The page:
How hard can it be to run a forensic lab according to the rules? The many episodes of the CSI television dramas usually get it right, but at the Houston Police Department's crime lab, the real-life employees can't seem to get their act together.
After a scandal erupted six years ago, exposing botched handling of evidence that led to wrongful convictions of defendants and required the expenditure of $5.2 million for an investigation by a special master, the lab's management and facilities were rebuilt from the ground up. That hasn't prevented the lab's controversial DNA section from once again being shut down due to improper handling of evidence and the issuance of a critical internal report.
The DNA section chief, Vanessa Nelson, resigned after accusations she had coached technicians to pass skills tests.
As reported by the Chronicle's Roma Khanna, Nelson told investigators the operation was "clearly out of control" and plagued by staff morale problems that "will succeed in destroying the lab we worked so hard to create if they proceed on their current course." Her concerns were backed up by investigators' interviews with employees, who spoke of confusion on how to register complaints and doubts that superiors would act on them. Nelson listed a series of evidence problems at the facility, including a sample switch, contamination and botched paperwork to verify a chain of custody for materials.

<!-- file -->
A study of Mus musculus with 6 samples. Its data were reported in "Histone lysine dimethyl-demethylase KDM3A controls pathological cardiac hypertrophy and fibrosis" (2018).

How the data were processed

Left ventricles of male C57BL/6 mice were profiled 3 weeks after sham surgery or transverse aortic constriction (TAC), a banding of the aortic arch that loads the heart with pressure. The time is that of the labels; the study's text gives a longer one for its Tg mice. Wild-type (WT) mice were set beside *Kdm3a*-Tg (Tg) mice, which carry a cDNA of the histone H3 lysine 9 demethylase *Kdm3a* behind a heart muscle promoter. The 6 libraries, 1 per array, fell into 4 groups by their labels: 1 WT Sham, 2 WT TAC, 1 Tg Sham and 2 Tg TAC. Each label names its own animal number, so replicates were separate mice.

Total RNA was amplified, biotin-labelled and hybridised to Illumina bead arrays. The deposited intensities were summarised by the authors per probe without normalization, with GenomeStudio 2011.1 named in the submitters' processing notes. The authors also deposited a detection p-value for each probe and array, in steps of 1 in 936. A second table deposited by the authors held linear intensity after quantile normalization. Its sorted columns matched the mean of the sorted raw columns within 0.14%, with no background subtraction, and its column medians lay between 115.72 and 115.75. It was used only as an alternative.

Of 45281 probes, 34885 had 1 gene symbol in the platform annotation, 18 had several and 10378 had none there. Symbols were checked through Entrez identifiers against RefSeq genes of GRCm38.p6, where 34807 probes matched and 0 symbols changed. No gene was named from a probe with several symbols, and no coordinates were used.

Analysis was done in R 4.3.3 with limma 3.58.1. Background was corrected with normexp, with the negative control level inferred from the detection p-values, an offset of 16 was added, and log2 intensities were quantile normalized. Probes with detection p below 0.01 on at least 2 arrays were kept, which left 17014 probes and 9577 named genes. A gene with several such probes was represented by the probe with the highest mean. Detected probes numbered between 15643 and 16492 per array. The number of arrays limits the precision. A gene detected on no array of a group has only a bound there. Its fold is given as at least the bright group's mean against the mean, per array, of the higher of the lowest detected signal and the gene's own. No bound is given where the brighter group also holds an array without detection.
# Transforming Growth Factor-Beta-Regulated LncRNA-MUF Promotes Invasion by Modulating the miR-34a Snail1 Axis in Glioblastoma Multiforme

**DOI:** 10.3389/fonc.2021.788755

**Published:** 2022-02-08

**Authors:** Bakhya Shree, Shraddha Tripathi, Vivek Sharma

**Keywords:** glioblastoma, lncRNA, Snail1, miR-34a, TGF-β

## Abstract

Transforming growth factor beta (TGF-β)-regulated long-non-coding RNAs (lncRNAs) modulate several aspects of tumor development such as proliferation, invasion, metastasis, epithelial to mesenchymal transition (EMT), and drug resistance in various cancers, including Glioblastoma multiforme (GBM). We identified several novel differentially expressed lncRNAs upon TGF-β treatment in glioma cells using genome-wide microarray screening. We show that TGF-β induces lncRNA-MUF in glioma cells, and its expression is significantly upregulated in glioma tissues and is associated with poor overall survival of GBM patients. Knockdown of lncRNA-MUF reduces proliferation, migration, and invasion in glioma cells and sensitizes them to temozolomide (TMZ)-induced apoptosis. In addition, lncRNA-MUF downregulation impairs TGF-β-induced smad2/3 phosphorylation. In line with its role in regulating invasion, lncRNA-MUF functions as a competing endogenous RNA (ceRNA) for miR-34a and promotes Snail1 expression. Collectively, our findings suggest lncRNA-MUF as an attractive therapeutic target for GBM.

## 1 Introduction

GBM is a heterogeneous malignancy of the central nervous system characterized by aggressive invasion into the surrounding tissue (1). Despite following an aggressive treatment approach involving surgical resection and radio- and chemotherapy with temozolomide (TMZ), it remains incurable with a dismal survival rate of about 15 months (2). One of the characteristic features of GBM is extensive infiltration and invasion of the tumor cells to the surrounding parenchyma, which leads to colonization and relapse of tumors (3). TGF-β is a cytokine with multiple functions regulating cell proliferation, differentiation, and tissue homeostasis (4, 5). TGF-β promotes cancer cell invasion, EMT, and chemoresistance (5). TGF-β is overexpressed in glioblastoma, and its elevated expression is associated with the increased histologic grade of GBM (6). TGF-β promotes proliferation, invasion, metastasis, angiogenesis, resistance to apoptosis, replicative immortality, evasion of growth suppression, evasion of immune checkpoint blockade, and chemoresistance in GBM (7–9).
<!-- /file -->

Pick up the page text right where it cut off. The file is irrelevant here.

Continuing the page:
Almost as alarming as the reports of new problems is the explanation of the crime lab's director, Irma Rios, for how they occurred. She described them as "growing pains" that were being dealt with as they popped up. Responsibility for many of the issues cited, such as bad staff morale and failure to set up a reporting system for misconduct, relate directly to top management. Instead, Rios focused on contamination of evidence, saying it was solved by "an intense cleaning of the lab."
Waiting for mistakes to happen before taking action is only a formula for more problems and controversy. The latest missteps indicate that to thoroughly exorcise the lab of its demons, the cleaning might need to extend beyond counters and equipment to upper management, as well.
Sunday, March 02, 2008
Houston Chronicle: DNA déjà vu
Thats title of today's editorial by Houston Chronicle about Harris County's crime lab.